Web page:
Richard Serra: Horizontal Reversals

Gemini G.E.L.
Apr 28, 2017 7:57PM

Gemini G.E.L. is pleased to present ten new Paintstik editions by Richard Serra. Horizontal Reversals is currently on view in Los Angeles through June 30.

Richard Serra began working at Gemini G.E.L. in 1972, his first editions carried out in traditional lithography. Spanning 45 years, Serra’s approach to printmaking materials has evolved, deriving from an interest in illustrating the properties of weight, balance, density, mass and formal compositional tension while seeking new possibilities for his printmaking endeavors.

The Reversals series explore the dynamic relationship between of two sheets of paper and their abstract compositions. In each work, the black and cream regions reverse themselves from left to right in a reciprocal manner. The area that is maintained as bare paper on the left panel is echoed with black material on the right panel, and the area that is covered in black material on the left panel is mirrored by bare paper on the right. This proportional “reversal” composition explores not only a physical balance between light and dark, but also a cognitive perception of form. Further, when the different works are seen together in combinations of two, three or more, the assembled groups challenge the static definition of a formal series. Several pieces together highlight a “yin and yang” effect, proposing that multiple prints play a more interactive role, resolving the conflict of weight and balance through composition.  

Horizontal Reversals are comprised of two identically sized pieces of Igarashi-Hiromi Kozo paper, which abut in the custom designed platform frame to create the final image. To produce these unique pieces, Paintstik bars were ground down in a meat grinder and blended in an industrial grade Hobart dough mixer with silica that had been sifted by hand to a certain particle size. This mixture was then applied directly to the handmade paper, which was previously sealed by a layer of urethane with a brayer. Gemini’s Master Printer then applied the Paintstik and silica mixture with a gloved hand, pushing and rubbing in a downward direction against a torn mask made of Rives BFK paper. The second layer that is applied by hand is where the final texture is achieved. The mask serves to separate the blocks of Paintstik and raw paper, while at the same time also defining and marrying the location where the material meets raw fiber, making a soft, irregular edge.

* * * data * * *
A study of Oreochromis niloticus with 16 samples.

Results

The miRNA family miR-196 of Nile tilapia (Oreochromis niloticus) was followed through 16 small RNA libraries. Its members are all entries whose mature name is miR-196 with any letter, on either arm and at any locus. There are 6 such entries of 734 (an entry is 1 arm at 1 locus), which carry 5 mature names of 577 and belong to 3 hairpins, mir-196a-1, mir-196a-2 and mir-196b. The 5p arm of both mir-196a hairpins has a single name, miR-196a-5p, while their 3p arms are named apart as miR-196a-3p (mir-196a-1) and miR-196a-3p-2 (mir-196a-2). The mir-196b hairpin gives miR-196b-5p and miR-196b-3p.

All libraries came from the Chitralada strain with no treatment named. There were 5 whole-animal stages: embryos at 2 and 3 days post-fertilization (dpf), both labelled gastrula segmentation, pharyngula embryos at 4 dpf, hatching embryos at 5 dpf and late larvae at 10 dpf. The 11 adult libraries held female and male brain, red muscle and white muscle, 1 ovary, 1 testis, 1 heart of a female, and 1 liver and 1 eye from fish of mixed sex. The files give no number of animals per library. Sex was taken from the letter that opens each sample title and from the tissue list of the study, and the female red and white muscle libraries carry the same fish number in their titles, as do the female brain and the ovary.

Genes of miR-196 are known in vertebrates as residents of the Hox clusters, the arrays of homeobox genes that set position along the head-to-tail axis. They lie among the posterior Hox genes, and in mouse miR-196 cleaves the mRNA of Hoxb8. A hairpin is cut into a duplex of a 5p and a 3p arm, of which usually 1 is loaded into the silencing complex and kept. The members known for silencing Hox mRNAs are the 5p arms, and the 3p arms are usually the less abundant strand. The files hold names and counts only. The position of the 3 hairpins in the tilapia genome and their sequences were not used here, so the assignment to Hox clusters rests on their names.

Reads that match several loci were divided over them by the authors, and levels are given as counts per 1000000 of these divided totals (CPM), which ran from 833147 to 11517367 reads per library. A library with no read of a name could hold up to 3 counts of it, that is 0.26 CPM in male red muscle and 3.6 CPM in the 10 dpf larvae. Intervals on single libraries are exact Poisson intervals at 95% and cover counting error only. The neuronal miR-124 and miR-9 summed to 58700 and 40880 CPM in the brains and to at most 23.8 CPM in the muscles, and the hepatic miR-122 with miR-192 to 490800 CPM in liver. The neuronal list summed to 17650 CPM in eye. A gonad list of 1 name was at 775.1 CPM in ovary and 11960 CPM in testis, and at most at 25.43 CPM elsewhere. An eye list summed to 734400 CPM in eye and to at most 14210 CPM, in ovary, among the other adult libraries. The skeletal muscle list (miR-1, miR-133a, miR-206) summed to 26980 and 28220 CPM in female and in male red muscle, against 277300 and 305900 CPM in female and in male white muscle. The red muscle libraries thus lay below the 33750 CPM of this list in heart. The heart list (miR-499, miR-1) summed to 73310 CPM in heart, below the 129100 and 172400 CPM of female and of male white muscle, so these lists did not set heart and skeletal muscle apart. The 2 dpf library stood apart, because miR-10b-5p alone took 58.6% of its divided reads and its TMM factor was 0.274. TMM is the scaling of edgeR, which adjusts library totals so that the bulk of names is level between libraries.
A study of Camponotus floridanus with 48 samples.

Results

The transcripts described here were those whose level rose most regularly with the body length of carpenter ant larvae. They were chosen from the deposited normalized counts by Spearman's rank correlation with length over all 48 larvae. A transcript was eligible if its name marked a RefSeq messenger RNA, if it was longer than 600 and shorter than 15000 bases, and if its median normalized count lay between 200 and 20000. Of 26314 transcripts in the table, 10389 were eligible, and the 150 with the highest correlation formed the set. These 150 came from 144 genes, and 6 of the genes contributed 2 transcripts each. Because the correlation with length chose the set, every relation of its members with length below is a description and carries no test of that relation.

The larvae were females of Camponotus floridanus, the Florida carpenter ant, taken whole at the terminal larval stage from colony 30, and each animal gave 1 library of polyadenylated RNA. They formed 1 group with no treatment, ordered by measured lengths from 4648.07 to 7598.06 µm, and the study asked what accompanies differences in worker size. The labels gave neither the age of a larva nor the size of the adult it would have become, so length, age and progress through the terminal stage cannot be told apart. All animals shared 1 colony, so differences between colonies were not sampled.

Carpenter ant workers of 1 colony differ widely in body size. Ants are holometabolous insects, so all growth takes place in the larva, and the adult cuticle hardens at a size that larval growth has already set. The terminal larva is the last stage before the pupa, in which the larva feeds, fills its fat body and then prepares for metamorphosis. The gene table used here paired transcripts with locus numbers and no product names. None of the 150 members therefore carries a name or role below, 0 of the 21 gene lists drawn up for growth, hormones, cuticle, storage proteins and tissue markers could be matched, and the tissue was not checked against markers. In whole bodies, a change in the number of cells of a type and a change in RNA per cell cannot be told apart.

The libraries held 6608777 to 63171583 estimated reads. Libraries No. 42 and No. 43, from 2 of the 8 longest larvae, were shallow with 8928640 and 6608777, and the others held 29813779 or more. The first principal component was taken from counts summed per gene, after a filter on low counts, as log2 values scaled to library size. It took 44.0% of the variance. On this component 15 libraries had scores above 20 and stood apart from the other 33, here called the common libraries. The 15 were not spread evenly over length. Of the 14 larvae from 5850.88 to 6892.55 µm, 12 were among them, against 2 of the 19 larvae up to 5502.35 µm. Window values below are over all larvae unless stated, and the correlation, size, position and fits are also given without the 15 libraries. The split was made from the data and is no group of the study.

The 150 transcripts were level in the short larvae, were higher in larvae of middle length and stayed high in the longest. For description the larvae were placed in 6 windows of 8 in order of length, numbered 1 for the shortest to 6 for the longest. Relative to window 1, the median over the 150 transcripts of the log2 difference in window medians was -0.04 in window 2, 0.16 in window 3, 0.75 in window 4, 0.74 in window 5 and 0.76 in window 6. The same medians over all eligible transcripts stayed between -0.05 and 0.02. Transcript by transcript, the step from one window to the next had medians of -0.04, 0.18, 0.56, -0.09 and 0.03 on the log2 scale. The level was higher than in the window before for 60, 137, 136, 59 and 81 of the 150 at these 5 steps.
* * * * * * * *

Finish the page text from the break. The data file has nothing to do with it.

Born in San Francisco, California in 1939, Richard Serra is one the most significant artists of the 21st century. He has exhibited extensively in major museums and has created site-specific sculptures for both public and private venues across the world. Serra’s work has been the subject of two retrospectives at the Museum of Modern Art, the first in 1986 and the second in 2007. Other major recent exhibitions include the Guggenheim Museum Bilbao, Spain (1999); American Academy in Rome, Italy (2000); Saint Louis Art Museum, Missouri (2003, 2014); Museo Archeologico Nazionale, Italy (2004); “Richard Serra Drawings—Work Comes Out of Work,” Kunsthaus Bregenz (2008); “Promenade,” Monumenta, Grand Palais, Paris (2008); “Richard Serra Drawing: A Retrospective,” Metropolitan Museum of Art, New York (2011, traveled to San Francisco Museum of Modern Art, California; and The Menil were installed as part of the inaugural exhibition at the Guggenheim Museum Bilbao. East-West/West-East (2014) was permanently installed in the desert of the Brouq Nature Reserve in western Qatar in 2014. Serra has participated in dOCUMENTA in 1972, 1977, 1982, and 1987; and in the Biennale di Venezia in 1980, 1984, 2001, and 2013. In 2015, Serra was awarded Les Insignes de Chevalier de l’Ordre national de la Légion d’honneur, France.  Serra lives and works in New York and Nova Scotia, Canada.